Grassley on the Introduction of New Pandemic Relief Legislation
Jul 27, 2020
Prepared Floor Remarks by U.S. Senator Chuck Grassley of Iowa
Chairman, Senate Finance Committee
Monday, July 27, 2020
Within the Finance Committee’s jurisdiction, our proposals take on several issues facing Americans during this crisis.
For unemployment insurance, we boost the federal government’s reimbursements to local governments and nonprofits to 75 percent – up from 50 percent in the CARES Act to prevent further layoffs.
We’ll maintain some of the current boosted benefit, while responsibly honing programs to target help where it’s needed. This transition from a flat rate to a replacement of about 70 percent of lost wages is a better approach.
Regardless, the boosted unemployment benefit is significantly more than the Democratic Senate and President approved in the 2009 economic crisis, and it doesn’t pay most people more than working like the extra $600 does.
Our tax provisions aim to help Americans get back to work and help businesses safely open. We expand access to the CARES Act employment tax credit for small and medium-sized businesses, and expand the Work Opportunity Tax Credit for larger employers hiring people currently receiving unemployment insurance. We also provide a new credit for expenses, like PPE and cleaning, needed to maintain a safe and healthy workplace for employees and customers.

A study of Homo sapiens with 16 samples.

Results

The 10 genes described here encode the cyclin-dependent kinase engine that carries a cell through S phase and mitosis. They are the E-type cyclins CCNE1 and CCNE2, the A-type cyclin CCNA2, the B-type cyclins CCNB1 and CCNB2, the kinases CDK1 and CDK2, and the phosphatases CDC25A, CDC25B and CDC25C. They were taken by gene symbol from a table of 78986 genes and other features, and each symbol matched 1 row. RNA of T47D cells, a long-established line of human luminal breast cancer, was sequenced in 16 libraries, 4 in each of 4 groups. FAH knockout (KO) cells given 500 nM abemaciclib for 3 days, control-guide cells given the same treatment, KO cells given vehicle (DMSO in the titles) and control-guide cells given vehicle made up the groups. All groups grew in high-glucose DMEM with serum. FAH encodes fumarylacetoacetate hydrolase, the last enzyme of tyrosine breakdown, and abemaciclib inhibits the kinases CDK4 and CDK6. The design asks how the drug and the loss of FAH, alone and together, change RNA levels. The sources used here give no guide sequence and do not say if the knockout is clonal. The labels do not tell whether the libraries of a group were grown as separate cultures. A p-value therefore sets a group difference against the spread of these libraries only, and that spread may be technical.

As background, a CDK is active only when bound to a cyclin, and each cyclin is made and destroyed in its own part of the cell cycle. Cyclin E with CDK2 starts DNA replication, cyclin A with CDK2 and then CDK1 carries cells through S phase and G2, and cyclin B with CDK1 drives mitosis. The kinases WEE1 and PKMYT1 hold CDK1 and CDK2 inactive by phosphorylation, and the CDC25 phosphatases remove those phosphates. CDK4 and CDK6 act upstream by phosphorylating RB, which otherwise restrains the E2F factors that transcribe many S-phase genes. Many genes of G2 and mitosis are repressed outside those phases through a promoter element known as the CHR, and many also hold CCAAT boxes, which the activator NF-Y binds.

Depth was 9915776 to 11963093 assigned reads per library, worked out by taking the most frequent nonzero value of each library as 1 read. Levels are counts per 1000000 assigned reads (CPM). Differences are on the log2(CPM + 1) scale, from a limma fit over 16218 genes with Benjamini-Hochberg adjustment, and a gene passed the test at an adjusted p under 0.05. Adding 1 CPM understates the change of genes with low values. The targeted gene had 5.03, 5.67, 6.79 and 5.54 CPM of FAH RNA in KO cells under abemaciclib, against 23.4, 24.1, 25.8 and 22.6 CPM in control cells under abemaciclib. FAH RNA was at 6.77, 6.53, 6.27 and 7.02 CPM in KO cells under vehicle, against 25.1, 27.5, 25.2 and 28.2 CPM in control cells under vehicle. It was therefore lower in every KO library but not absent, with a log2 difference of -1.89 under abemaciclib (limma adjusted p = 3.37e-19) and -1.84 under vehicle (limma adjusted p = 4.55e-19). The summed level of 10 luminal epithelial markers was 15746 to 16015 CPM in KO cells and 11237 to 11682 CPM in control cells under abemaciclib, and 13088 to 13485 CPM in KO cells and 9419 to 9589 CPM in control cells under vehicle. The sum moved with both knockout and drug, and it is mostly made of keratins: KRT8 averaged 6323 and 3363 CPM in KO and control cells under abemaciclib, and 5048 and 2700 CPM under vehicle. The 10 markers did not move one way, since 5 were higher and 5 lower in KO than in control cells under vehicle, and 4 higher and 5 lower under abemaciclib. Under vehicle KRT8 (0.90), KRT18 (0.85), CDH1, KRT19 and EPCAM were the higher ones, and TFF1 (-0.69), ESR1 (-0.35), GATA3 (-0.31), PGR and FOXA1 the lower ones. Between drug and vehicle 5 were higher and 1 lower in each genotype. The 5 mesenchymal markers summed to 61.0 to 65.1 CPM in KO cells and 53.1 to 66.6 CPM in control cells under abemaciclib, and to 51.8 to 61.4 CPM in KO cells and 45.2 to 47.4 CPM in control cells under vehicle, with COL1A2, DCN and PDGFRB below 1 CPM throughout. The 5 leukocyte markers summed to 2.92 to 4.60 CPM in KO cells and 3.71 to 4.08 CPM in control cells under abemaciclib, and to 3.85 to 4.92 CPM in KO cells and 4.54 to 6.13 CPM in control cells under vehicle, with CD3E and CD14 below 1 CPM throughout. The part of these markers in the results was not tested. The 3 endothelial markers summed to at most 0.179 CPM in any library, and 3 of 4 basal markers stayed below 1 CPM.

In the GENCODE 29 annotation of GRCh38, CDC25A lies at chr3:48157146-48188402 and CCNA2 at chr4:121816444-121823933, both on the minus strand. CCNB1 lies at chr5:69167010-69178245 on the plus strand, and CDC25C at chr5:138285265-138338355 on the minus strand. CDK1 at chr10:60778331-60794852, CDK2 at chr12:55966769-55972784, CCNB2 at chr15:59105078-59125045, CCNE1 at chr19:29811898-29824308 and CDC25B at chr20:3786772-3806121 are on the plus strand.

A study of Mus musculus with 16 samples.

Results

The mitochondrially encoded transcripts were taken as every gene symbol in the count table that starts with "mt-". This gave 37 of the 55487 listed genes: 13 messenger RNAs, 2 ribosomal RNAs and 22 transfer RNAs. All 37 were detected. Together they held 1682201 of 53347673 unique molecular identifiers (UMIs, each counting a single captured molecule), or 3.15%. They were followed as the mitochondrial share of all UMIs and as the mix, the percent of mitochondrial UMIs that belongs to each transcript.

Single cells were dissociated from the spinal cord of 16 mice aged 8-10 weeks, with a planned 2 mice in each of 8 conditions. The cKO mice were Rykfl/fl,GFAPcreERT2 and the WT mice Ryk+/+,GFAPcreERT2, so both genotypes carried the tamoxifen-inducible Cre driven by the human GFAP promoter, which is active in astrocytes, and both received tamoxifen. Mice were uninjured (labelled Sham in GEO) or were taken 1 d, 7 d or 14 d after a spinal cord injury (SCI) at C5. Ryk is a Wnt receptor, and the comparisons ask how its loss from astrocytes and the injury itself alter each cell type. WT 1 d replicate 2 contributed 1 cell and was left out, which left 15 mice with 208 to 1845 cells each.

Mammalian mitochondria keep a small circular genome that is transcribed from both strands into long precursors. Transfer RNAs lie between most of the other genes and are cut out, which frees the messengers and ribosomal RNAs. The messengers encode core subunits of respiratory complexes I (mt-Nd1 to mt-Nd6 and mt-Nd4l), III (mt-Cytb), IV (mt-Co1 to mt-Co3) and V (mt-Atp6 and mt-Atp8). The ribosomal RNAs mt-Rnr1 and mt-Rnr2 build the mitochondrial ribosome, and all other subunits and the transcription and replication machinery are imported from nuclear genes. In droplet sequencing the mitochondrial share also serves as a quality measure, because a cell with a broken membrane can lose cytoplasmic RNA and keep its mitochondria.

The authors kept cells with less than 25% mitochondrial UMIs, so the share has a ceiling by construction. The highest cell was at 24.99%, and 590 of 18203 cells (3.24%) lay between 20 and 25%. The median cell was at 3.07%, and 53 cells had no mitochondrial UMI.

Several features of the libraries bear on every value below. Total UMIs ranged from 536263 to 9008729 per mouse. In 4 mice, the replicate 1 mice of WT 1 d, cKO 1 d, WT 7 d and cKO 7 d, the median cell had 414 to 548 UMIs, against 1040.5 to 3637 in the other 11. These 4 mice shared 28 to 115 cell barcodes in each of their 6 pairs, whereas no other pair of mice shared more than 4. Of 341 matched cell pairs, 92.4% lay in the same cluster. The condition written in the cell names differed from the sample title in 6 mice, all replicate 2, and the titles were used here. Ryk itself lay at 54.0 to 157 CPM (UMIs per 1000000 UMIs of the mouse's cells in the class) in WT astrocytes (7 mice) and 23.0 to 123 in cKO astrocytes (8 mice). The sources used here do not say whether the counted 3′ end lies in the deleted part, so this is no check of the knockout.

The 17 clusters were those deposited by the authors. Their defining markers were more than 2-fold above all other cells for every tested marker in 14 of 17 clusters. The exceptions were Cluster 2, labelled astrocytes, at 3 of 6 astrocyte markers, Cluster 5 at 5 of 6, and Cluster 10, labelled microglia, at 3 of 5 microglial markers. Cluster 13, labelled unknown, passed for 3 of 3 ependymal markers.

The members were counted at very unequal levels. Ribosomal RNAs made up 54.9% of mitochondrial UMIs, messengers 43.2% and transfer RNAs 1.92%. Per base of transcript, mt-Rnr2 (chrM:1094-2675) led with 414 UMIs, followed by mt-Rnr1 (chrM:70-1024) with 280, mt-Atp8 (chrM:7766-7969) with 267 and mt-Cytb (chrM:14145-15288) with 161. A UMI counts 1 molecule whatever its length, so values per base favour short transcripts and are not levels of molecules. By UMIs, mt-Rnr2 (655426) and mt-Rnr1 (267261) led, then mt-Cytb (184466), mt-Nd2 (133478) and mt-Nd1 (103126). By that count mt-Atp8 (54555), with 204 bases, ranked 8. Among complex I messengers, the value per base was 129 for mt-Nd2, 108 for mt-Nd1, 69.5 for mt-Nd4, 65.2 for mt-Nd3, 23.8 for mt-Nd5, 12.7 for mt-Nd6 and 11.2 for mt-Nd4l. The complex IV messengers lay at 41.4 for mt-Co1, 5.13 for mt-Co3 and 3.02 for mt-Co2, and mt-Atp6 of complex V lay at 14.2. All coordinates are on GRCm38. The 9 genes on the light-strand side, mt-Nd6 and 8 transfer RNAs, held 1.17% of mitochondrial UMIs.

The Republican plan provides for another round of $1,200 Economic Impact Payments for most American adults, with an additional $500 provided for each dependent regardless of age.
For health care providers, we relax the terms of loans received from Medicare. We ensure that Medicare telehealth options don’t expire before Congress can determine what should be made permanent. We extend for five years the CARES Act provision that pays clinics and health centers for telehealth to provide a down payment on meeting health care needs in rural America. And we freeze Medicare premiums at 2020 levels to head off a predicted spike next year. We also assist nursing home patients and workers.
State and local governments have also asked for federal help. Our proposal extends the time frame in which governments can utilize the $150 billion in funding provided under the CARES Act, while also providing more flexibility – allowing some funds to be used to cover revenue shortfalls.
Altogether, this proposal sets out a responsible and holistic approach to address the problems our country faces. I hope my Democratic colleagues are interested in compromise and solutions to the benefit of all the American people.